Sen. Ed Markey defeated his better-known challenger Rep. Joe Kennedy III on Tuesday, a victory for the progressive movement that has spent more energy and resources unseating incumbents than defending them.
“Tonight is more than just a celebration of a movement,” Markey said in a speech before supporters on Tuesday. “It is a real reaffirmation of the need to have a movement, a progressive movement of young people demanding radical change, demanding justice. The progressive movement knows how to fight, we will not surrender. We know our work is not done.”
Markey’s win, according to an Associated Press projection, marks the first time a member of the Kennedy clan has lost in Massachusetts.
Just before AP called the race, Kennedy called Markey to concede, multiple sources told ABC News, when the senator was leading his challenger by about 10 points.
“The senator is a good man. You have never heard me say otherwise. It was difficult at times between us. Good elections often get heated, and I’m grateful for the debates, for his commitment to our Commonwealth,” Kennedy said late Tuesday night outside his campaign headquarters in Watertown, adding that he pledged his support to Markey during the call between the two candidates.
Markey, 74, has spent nearly half a century in Washington, keeping a relatively low profile until last September when Kennedy, 39, entered into the race as the favorite. Some Democrats speculated that with a member of American political royalty in a Massachusetts primary, Markey might gracefully bow out and retire.
In the weeks leading into Tuesday, their roles reversed entirely, with Kennedy seen as the underdog, despite earning House Speaker Nancy Pelosi’s endorsement, while the son of a milkman from Malden entered election night as the front-runner.
It’s political territory unfamiliar to the Kennedy clan, but one that emerged after a bitter primary riddled with fights over records and priorities, since there was little policy disagreements between the two men.
Markey and Kennedy “are ideological peas in the same pod,” Jeffrey Berry, a professor of political science at Tufts University, said ahead of Tuesday. “They have some different priorities — Markey on the environment, most notably, and Kennedy on civil rights and mental health. But if they served in the Senate together for the next six years, they would have almost identical voting records.”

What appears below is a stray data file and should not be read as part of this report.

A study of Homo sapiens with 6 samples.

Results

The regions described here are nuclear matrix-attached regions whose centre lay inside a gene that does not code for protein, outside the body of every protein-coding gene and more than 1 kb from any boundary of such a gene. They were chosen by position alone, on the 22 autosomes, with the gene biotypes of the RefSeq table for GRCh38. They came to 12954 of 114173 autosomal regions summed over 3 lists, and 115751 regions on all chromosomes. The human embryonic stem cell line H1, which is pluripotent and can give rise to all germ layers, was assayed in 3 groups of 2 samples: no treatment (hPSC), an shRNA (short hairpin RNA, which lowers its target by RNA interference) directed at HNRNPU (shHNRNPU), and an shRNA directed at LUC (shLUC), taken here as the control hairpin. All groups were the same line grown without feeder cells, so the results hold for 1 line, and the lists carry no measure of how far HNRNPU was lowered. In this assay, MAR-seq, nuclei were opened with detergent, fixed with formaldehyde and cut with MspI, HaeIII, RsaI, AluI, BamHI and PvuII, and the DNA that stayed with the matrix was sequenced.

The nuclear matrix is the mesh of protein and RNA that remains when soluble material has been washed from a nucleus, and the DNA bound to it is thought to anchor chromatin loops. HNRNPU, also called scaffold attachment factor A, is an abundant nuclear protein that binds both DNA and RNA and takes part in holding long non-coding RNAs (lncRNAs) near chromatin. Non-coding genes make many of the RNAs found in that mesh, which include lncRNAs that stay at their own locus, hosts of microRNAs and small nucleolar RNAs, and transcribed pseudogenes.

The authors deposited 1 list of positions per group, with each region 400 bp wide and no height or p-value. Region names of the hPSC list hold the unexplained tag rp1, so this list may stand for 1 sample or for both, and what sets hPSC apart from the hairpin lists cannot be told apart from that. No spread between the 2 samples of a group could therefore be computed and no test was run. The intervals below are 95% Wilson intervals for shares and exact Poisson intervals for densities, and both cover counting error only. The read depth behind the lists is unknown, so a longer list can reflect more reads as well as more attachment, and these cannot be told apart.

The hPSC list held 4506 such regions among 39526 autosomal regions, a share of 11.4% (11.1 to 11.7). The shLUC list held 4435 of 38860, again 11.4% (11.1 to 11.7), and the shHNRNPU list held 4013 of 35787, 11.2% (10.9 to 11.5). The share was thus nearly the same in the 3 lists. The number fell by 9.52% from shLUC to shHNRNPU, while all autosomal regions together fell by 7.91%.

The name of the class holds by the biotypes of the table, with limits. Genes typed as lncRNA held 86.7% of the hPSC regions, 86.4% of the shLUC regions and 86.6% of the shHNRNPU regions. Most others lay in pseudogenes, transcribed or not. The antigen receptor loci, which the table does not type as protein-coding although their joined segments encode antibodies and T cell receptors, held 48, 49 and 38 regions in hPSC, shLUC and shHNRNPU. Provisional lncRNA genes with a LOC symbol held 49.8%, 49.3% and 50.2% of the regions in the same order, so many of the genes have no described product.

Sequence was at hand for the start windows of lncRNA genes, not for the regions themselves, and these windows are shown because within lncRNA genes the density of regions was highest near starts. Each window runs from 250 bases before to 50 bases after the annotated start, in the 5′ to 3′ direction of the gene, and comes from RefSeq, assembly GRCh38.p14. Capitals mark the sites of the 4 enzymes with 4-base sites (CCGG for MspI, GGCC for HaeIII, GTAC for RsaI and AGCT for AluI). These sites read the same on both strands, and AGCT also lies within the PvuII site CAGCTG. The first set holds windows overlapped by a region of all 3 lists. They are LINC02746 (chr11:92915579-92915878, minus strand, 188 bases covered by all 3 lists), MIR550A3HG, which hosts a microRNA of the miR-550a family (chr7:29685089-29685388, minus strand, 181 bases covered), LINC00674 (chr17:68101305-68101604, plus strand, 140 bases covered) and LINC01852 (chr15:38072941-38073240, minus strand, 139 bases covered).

After initially stepping into the primary with a message of urgency, arguing that “this isn’t the moment for waiting,” Kennedy struggled to articulate a reason for his bid. He left Markey, who was first elected to Congress before Kennedy was born and largely unknown statewide before this campaign, room to successfully rebrand himself, using his ties to the progressive wing and a strong digital operation to appeal to younger voters.
Markey also benefited from his alliance with Rep. Alexandria Ocasio-Cortez, D-N.Y., and their partnership on the Green New Deal, while Kennedy only embraced his family’s legacy in the final weeks, after distancing himself from his last name for most of the year.
Only in the final stretch did Kennedy attempt to define Markey, sharpening his attacks primarily on his record and how much time he spends in the state, and deploying his family members to join him on the stump. But those efforts proved ineffective.
Markey, with the help of the left, ultimately avoided a familiar fate for longtime incumbents who have fallen to younger challengers in recent cycles.
The incumbent senator, who will face Kevin O’Connor, an attorney and small business owner, in just over two months from now, is expected to be re-elected to another six-year term in deep blue Massachusetts.
Rep. Richard Neal defends his seat against progressive challenger Alex Morse
House Ways and Means Committee Chairman Rep. Richard Neal has beat progressive Holyoke Mayor Alex Morse in Massachusetts’ 1st Congressional District.
At the time of determination, Neal had 25,499 votes, or 60.7% of the vote share thus far, with Morse trailing at 16,517 votes, or 39.3%.
The 1st district primary is another race where a young progressive challenger went head-to-head against a powerful House incumbent. Morse had support from Ocasio-Cortez’s PAC and backing from Justice Democrats and Fight Corporate Monopolies PAC.
Neal, as one of the most powerful members of the House, had backing from Pelosi.
Throughout the race, Morse criticized Neal of not using his position in the House to take up more progressive legislation on topics such as health care and the Green New Deal.
In what has been a bitter primary for the district — which covers most of western Massachusetts — Neal is defending his seat after College Democrats at the University of Massachusetts-Amherst, who are supporting the veteran congressman, reportedly engineered allegations of impropriety against Morse.
Morse, who was elected at 22, denied using his position as mayor and as a lecturer at U-Mass Amherst to pressure students into relationships, though he acknowledged having consensual relationships with college students.
Neal and his campaign have denied knowledge of the effort against Morse.